Economists expect a strong 2015, buoyed by cheap oil and increased consumer spending that together can likely help the U.S. weather slumps in Europe, China and Russia. The unemployment rate has fallen from 6.7 percent one year ago, and nearly 3 million jobs were added during that time — an average of 246,000 per month.
Still, the U.S. comeback is not yet complete. It was only several months ago that the economy made up for the millions of jobs that disappeared during the recession — and that return to the old level doesn’t account for the population increase. Meantime, wages for most workers are still stuck. Data from December showed that average private hourly earnings fell backward by five cents, to $24.57, a sign that the tighter labor conditions haven’t yet translated into a boost to workers. U.S. stocks were down slightly Friday on the jobs news.
Earnings are up 1.7 percent from $24.17 one year ago. But adjusted for inflation, wages are essentially flat, and have been for most workers throughout the recovery.
The numbers released Friday “demonstrate that the economy has a very good tailwind, and they also demonstrate that there is a tremendous amount of unfinished business,” Department of Labor Secretary Thomas E. Perez said in an interview. Perez said it was a priority to “make sure we address the business of stubbornly low real wage growth.”
That wage decrease over the past month indicates that the nation has not yet reached “full employment” — a condition in which demand from employers is broad enough that workers have a degree of leverage and a chance to see pay raises. The latest numbers pose a dilemma for the Federal Reserve, which is using wage growth as one of its barometers for when to raise short-term interest rates. The Fed has indicated a hike could come in the middle of this year, but December’s data likely buttresses the claim that it shouldn’t come sooner.
Entering 2015, wages will get a slight push from minimum wage increases that go into effect in 21 states this month.
“I think the unemployment rate might have to go down to the low 5s before we start to see some upward pressure on wages,” said Alan MacEachin, an economist at the Navy Federal Credit Union. “There are still too many folks out there that are willing to grab the jobs that are available.”
Adding to the mixed signals, at least some of the unemployment rate drop in December was driven by people leaving the labor force — normally a sign of discouragement. The labor force participation rate fell by 0.2 percent in December. Workers who give up on a job hunt aren’t counted in the unemployment rate.
Otherwise, the U.S. economy finished the year strong. The labor market expanded by an average of 246,000 jobs per month in 2014, and by an average of 284,000 jobs in the final four months. In the labor data released Friday, the government also revised upward the jobs growth from November — to 353,000, up from the original 321,000.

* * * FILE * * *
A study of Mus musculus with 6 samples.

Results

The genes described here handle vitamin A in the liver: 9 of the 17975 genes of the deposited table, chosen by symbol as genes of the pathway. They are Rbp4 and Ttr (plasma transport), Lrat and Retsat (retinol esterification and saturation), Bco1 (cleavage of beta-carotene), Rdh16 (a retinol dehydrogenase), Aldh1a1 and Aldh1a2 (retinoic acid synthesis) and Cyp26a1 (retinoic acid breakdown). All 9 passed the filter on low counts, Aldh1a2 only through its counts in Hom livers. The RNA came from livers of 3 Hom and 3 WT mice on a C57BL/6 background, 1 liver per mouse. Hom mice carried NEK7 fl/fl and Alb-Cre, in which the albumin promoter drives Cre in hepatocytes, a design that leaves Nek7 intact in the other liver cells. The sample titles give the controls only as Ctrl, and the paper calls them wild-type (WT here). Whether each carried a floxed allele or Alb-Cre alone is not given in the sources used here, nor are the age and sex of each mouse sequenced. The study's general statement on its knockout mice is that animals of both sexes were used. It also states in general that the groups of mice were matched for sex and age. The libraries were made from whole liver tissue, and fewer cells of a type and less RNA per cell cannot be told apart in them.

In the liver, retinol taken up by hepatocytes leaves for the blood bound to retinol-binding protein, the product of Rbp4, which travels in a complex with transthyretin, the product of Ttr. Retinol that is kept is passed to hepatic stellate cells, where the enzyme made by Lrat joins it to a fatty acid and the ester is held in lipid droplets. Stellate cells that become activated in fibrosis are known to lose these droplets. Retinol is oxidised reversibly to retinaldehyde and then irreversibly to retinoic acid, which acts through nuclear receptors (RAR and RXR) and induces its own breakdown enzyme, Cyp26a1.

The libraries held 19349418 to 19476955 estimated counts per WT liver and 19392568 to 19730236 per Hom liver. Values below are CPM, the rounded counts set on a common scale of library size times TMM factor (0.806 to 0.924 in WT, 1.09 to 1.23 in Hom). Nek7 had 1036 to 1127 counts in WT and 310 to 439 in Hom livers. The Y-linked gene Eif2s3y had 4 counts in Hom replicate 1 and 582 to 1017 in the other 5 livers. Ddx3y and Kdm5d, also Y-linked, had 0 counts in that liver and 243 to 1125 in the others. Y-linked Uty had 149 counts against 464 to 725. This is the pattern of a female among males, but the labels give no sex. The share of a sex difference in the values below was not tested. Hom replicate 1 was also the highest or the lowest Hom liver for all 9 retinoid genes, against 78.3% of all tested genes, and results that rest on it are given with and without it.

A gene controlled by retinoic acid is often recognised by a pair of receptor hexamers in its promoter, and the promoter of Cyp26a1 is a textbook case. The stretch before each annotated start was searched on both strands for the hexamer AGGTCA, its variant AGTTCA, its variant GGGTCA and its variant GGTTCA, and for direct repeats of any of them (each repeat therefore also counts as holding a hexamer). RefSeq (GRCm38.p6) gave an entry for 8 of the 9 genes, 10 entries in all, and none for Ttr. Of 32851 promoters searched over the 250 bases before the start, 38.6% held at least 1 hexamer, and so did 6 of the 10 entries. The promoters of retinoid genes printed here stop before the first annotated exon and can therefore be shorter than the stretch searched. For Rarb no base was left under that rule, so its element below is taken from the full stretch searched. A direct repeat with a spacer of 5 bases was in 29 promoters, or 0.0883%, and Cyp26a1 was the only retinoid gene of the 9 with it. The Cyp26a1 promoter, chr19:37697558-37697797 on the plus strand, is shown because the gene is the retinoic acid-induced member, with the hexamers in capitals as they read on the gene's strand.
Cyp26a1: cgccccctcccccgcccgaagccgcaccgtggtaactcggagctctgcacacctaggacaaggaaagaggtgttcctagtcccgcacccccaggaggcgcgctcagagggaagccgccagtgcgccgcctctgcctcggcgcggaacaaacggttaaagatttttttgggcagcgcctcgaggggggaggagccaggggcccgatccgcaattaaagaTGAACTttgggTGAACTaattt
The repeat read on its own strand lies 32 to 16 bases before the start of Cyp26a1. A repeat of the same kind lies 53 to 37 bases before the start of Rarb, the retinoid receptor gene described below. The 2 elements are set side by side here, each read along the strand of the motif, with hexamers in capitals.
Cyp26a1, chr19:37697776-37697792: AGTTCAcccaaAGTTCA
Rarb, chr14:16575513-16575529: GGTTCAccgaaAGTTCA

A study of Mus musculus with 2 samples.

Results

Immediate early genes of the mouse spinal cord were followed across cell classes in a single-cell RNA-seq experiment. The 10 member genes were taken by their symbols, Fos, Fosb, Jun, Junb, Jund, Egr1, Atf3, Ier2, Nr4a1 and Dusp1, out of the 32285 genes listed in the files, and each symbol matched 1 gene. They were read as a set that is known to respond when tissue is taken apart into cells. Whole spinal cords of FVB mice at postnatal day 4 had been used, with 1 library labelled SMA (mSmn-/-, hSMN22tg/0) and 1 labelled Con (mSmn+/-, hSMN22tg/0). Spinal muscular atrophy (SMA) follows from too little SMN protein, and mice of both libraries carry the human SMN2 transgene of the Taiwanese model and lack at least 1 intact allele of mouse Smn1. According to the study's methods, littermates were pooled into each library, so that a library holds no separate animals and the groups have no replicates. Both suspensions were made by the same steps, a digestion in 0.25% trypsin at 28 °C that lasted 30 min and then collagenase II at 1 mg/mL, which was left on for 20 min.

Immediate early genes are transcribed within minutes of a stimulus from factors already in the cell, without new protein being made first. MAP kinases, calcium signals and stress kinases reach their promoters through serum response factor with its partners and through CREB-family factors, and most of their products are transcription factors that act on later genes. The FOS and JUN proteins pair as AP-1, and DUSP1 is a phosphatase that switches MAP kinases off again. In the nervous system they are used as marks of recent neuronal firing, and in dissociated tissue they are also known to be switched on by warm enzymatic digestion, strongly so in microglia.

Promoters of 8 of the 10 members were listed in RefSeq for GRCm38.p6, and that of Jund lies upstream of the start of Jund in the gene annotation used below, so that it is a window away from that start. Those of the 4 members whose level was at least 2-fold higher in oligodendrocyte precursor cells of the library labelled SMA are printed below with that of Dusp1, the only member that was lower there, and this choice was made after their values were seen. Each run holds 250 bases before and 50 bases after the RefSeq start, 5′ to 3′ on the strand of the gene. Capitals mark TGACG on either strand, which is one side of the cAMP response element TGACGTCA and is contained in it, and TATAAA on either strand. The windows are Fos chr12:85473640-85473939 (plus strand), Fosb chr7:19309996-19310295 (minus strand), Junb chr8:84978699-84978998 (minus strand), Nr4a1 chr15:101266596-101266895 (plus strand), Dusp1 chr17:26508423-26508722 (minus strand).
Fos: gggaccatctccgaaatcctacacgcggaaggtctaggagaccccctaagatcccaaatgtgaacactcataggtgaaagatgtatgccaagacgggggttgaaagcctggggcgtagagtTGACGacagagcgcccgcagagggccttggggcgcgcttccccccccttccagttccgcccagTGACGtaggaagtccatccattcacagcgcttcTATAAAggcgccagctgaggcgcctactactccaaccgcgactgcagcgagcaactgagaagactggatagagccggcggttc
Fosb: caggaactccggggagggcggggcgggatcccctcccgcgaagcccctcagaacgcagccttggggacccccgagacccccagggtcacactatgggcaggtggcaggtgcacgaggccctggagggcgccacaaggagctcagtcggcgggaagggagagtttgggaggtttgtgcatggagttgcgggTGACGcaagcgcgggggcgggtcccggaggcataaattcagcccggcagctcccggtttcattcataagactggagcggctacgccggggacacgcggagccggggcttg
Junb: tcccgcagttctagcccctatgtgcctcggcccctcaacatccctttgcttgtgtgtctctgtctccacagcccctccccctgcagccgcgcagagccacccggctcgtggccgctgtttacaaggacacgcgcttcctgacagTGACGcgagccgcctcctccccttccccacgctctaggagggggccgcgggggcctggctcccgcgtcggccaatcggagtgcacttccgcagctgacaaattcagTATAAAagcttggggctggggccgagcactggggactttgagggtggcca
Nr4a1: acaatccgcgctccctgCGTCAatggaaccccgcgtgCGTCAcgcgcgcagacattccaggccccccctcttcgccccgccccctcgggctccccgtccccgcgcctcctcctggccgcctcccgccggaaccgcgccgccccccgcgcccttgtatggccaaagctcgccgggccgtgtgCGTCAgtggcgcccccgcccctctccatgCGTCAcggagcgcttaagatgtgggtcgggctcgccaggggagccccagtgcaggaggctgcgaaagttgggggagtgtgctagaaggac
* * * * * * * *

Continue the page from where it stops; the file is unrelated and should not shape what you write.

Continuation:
In a research note, Wells Fargo Securities called the late season job growth “an encouraging sign that the U.S. economic expansion is set to not only continue, but most likely accelerate in the coming year.”
The job growth in December was broad-based and suggested strength in some traditional middle-class industries — particularly construction, which added 48,000 positions. Another strong sector was professional and business services — accountants, architects, consultants — which added 52,000 positions. The pick-up in better-paying industries is in noted contrast to periods earlier in the recovery, when growth was concentrated in part-time positions and the retail and health sectors.
The latest data also comes amid a flurry of encouraging domestic economic news. The United States has seen two quarters of gross domestic product growth unmatched since 2003. The Dow is near a record-high. The median duration of unemployment is about half what it was six years ago. And consumer confidence is at a post-recession high.
Even with wages stagnant, Americans are getting a boost from oil prices that have plummeted below $50 per barrel, down from around $110 in June. Cheaper oil leads most directly to cheaper gasoline. It also shaves off some of the transportation costs that are built into most consumer items, whether groceries or televisions. While both businesses and consumers benefit, cheap oil threatens to curb investment — and lead to job cuts — in oil-dependent states like Texas and North Dakota. Most economists say that the oil price drop is a net positive for the U.S. economy.
Noting the oil prices, the pace of job growth, and the GDP expansion, Bernard Baumohl, the chief global economist of The Economic Outlook Group, said in an e-mail that the U.S. was seeing “a perfect alignment of positive forces.”
“If these factors do not set the stage for more sustainable economic growth, faster hiring, and — yes — even larger wage increases, then we have to go back to the drawing board and revisit everything we know about how economies work,” he said.